I have nine inches of hair on top of my head, growing outwardly in tufts above my ears. Too short for a ponytail, too frizzy to slick back, the hairs curl tightly into itself above my neck like gnarled branches. I feel blessed and betrayed by my hair; thankful that I wasn't left with chemo-induced hair loss that marks many cancer survivors for life, while also disappointed that my original hair has returned.
Unlike the Phoenix, my hair did not burst bright red out of my head and flow quickly and gracefully in straight waves around my shoulders. Perhaps that was too much to hope for – a consolation prize for winning my cancer battle months ago. Instead, I tend to my hair like I tend to my garden, tentatively and with great expectation. But no matter how much I twirl and pick, brush and comb, it still looks like a football helmet.
To a stranger, it looks like I'm just growing out what could have been an unfortunate haircut. Most days, I hide under warm knitted caps, tucking every strand away and out of sight. My children, so excited for my hair regrowth, comb and play with my hair. They cobble together clumps of hair and create lopsided pigtails on either side of my head, then laugh uproariously when the hair band escapes.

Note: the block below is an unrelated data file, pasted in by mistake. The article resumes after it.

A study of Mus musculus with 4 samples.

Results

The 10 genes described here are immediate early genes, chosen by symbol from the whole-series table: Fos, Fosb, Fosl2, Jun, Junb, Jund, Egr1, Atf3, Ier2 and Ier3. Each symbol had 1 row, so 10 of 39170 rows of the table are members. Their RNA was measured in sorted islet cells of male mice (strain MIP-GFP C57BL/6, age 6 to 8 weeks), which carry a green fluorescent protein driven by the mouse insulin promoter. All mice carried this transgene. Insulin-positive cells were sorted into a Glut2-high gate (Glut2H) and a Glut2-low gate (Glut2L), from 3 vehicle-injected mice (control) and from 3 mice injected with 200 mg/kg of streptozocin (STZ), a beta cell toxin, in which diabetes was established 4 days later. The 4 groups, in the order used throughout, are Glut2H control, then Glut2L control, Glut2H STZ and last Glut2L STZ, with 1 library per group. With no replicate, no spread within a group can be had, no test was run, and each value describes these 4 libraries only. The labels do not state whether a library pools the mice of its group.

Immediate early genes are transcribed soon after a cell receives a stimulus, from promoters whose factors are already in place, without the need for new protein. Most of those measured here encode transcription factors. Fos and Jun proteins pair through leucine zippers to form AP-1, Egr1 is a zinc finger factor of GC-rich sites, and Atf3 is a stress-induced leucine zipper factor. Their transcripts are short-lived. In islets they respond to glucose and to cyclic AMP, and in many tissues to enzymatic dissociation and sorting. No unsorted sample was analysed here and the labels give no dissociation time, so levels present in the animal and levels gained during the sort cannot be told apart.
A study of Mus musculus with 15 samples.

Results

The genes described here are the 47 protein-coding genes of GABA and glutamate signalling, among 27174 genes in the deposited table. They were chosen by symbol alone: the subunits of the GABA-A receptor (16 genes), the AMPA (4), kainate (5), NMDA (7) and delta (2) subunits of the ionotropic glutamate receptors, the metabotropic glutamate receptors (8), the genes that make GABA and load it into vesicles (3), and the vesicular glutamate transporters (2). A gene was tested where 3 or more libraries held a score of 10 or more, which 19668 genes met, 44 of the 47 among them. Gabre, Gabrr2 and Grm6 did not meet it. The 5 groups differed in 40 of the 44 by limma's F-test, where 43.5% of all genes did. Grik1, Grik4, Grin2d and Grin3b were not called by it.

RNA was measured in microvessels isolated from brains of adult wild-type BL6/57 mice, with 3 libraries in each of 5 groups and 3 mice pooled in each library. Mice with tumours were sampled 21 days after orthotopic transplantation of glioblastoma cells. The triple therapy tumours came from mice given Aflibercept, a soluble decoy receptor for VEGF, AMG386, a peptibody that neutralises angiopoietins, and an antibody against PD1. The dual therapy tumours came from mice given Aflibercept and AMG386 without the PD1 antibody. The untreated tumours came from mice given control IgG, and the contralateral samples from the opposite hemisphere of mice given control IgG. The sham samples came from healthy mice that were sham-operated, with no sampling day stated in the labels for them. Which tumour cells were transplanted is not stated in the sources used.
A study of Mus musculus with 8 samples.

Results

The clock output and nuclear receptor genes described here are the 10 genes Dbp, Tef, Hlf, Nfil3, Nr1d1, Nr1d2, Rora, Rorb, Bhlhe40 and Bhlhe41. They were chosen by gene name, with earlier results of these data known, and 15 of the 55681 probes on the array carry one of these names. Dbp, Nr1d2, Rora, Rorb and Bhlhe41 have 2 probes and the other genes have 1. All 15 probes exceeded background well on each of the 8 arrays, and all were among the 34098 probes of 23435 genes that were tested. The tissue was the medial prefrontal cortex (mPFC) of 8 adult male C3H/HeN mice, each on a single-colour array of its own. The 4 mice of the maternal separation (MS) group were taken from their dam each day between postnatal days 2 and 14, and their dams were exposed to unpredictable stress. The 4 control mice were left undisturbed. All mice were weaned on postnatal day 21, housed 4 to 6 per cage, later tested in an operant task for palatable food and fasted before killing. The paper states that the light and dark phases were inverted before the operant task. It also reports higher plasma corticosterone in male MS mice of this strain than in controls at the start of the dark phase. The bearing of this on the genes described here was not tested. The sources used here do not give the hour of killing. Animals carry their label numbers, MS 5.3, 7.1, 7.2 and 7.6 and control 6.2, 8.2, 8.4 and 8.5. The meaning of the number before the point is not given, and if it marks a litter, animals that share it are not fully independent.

Apart from my hair, outwardly I'm starting to look like my old self again. My PICC line scar hidden under winter gear makes a brief appearance before a shower, but gets cloaked immediately after, hidden from sight in long sleeves and sweatshirts. There are no other physical remnants of my cancer battle. While inside, the wounds still bleed, and I sometimes wonder how much longer it will take until they heal.
There are days when I question if it was even real; when I'm distracted by work deadlines and dirty dishes there's no time to reflect on how close I was to death. When school lunches need to be made and the puppy needs to go out for a walk, it's easy to forget about the eight months of weekly hospital trips, daily injections into my stomach, and the lonely isolation from my family and friends while immunocompromised.
But I still need that reminder. I need proof that cancer really happened to me. I need a reason for the inner turmoil that sometimes keeps me up at night, for the days when emotionally I'm just exhausted and it gets overwhelming. I wonder what will happen one day when I look at my reflection and I see the old me, the pre-cancer me. When I look at myself in the mirror one day, will I be healed?
So today, I focus on my hair, my daily physical reminder of stage 4 non-Hodgkin's lymphoma. I fret and fuss over it and tend and measure it, I try to style it and brush it. I run my fingers through it and feel my scalp for the bumps and beauty marks that were visible only months before, and I accept that nine inches of hair is my battle scar.